Y’all may remember I posted pics for my trip to finally purchase a Kindle e-reader. I’d held off a long while, but finally I just couldn’t stand my curiosity any longer.
My Kindle sat around for a couple of weeks before I downloaded any books, then it sat around another couple weeks before I read anything on it. Although I was curious, the Kindle on my bedside table didn’t compel me to open it and read like my printed books always did.
However, once I finally opened my first ever Kindle book (How to Bake a Perfect Life by Barbara O’Neal) and began reading, I quickly “forgot” I was reading from a device. This, I admit, amazed me. I fully did not expect to have this “forgetting” and thought the reading would instead feel awkward. Nope, I read along happily and was fully into the story, never thinking “Huhn, I’m reading on a device and not a book;” well, perhaps I did think this from time to time, but not in a negative way, for the reading experience itself–getting into the story and characters–felt the same as with the printed book.
When I was out of town in Baton Rouge/Paulina, Louisiana, I took along my Kindle, and this, my good friends, is another positive experience for e-readers. I didn’t have to lug along books, which really isn’t so bad if I am reading one book; however, I have been out of town, finished a book, and didn’t have another one with me, or began a book and decided I wasn’t in the mood for that one afterall. With my Kindle, I have as many books as I wish to read at my fingertips, and when I fly, with baggage weight fees, taking along a Kindle instead of books/manuscripts will be invaluable.
But the most wonderful thing about my Kindle that made it full worth the price (I bought the wifi version for $139.00) is how I am able to upload my draft manuscripts to my Kindle and read my own work (alternatively, I can upload an author’s book I will be ‘blurbing/endorsing’ without having to have a printed copy). This is, and will be, an invaluable tool for my work. Reading the work in different ways always allows me to catch things I may not see in my word doc, or the printed one. I uploaded the draft of VK III to read (so easy to do!) and it allowed me to “see” things I wanted to work on, and to experience where I had things where I wanted them. I love this! I’ll be able to read my galley (last chance to proof) on the printed copy, word doc, and on my Kindle. Shazam!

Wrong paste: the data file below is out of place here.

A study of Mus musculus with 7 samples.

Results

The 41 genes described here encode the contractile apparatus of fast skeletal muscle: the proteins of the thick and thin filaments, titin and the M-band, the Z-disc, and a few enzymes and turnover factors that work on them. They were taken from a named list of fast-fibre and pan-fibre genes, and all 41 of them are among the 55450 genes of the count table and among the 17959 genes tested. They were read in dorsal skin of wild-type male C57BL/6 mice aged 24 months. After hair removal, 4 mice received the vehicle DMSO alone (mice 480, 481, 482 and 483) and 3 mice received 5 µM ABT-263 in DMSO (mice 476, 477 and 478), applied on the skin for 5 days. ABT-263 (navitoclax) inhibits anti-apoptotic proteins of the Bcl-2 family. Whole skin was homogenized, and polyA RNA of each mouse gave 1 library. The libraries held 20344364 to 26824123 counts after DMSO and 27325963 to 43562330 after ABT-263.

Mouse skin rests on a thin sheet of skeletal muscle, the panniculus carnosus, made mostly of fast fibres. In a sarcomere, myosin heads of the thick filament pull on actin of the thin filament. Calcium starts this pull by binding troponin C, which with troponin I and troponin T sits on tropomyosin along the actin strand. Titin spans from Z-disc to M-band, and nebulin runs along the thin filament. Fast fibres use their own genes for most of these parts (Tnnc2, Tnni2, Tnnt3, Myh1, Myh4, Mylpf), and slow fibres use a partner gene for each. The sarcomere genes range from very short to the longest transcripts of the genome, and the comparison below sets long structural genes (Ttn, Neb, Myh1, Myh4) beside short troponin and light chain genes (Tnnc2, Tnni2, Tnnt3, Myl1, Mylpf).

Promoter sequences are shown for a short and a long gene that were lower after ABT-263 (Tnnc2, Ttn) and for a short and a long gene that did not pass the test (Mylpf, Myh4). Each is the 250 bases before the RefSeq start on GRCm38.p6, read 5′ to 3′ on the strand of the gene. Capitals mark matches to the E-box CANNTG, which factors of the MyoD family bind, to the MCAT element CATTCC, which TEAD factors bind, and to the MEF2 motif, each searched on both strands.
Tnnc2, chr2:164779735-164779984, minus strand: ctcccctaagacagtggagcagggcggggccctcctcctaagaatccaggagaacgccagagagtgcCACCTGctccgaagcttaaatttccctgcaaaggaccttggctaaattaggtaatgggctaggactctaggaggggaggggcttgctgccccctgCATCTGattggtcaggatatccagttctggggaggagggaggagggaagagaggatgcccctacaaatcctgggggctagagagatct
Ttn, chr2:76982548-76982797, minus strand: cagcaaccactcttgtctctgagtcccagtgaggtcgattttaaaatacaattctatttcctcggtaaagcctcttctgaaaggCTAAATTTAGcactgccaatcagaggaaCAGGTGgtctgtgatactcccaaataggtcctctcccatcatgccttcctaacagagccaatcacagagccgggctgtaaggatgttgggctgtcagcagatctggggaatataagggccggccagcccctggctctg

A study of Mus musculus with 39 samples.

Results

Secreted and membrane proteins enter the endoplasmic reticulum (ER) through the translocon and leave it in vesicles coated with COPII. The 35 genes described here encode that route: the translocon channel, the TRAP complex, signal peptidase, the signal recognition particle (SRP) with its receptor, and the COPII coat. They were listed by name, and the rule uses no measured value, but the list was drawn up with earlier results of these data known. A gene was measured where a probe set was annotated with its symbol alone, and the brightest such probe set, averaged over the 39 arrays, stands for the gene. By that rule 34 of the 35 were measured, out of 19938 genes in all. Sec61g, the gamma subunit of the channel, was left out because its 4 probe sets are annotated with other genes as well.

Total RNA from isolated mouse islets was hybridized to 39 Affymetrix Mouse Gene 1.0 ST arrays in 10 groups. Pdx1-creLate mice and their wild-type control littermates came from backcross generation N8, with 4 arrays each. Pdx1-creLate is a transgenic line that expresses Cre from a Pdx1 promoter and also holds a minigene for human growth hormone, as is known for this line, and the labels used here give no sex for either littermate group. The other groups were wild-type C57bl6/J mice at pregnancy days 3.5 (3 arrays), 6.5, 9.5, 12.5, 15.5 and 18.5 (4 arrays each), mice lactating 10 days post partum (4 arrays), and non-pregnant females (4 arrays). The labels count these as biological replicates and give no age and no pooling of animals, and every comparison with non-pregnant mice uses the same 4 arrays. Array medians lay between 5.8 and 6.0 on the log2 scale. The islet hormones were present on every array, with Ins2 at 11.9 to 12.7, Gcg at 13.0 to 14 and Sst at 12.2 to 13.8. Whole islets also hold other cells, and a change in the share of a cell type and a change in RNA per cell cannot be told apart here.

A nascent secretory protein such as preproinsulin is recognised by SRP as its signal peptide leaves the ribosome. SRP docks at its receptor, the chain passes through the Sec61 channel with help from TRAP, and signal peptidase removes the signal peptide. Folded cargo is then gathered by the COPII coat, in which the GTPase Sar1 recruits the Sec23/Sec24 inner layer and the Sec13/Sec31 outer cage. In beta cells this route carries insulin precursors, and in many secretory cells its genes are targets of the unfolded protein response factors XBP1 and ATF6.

However, what I missed about reading a printed book is the feel of the book, the heft of the pages, the smell of books, yes, but as well, with an e-reader, I miss the colorful spines on my shelf, and the beautiful covers on my nightstand. Also, while reading printed books, the author’s name and the title of the book are at the top of every page—not so with my Kindle (unless there is a setting I am missing?)—and with my pea-headed black holed brain, I sometimes forget who I am reading and what the title is!
Without the visual of the printed colorful covers/spines on my bookshelf/nightstand, and without the author’s name and title of book at the top of the pages, there is this distance between me and the work and the author, and that does bother me. I look for some distance from the author when I am into the reading of the book, but upon picking up the book from my nightstand, and then closing it when I am finished reading for the night (or the end of the book), or even as I subconsciouly note the title/author at the top of the page, I do not want that distance, I then want the connection, which is somewhat missing from my Kindle e-reader experience. That’s a flaw I do not know how to remedy or if it will work itself out.
All in all, I’m finding the experience a positive one. Which is why I will also say that I don’t mind paying a decent fair price for my Kindle books I purchase—perhaps not as much as I pay for a printed book that I can place on my shelf, but I consider the experience of reading the same joy on my e-reader that I do on the Kindle.
What about you? Thoughts on e-readers?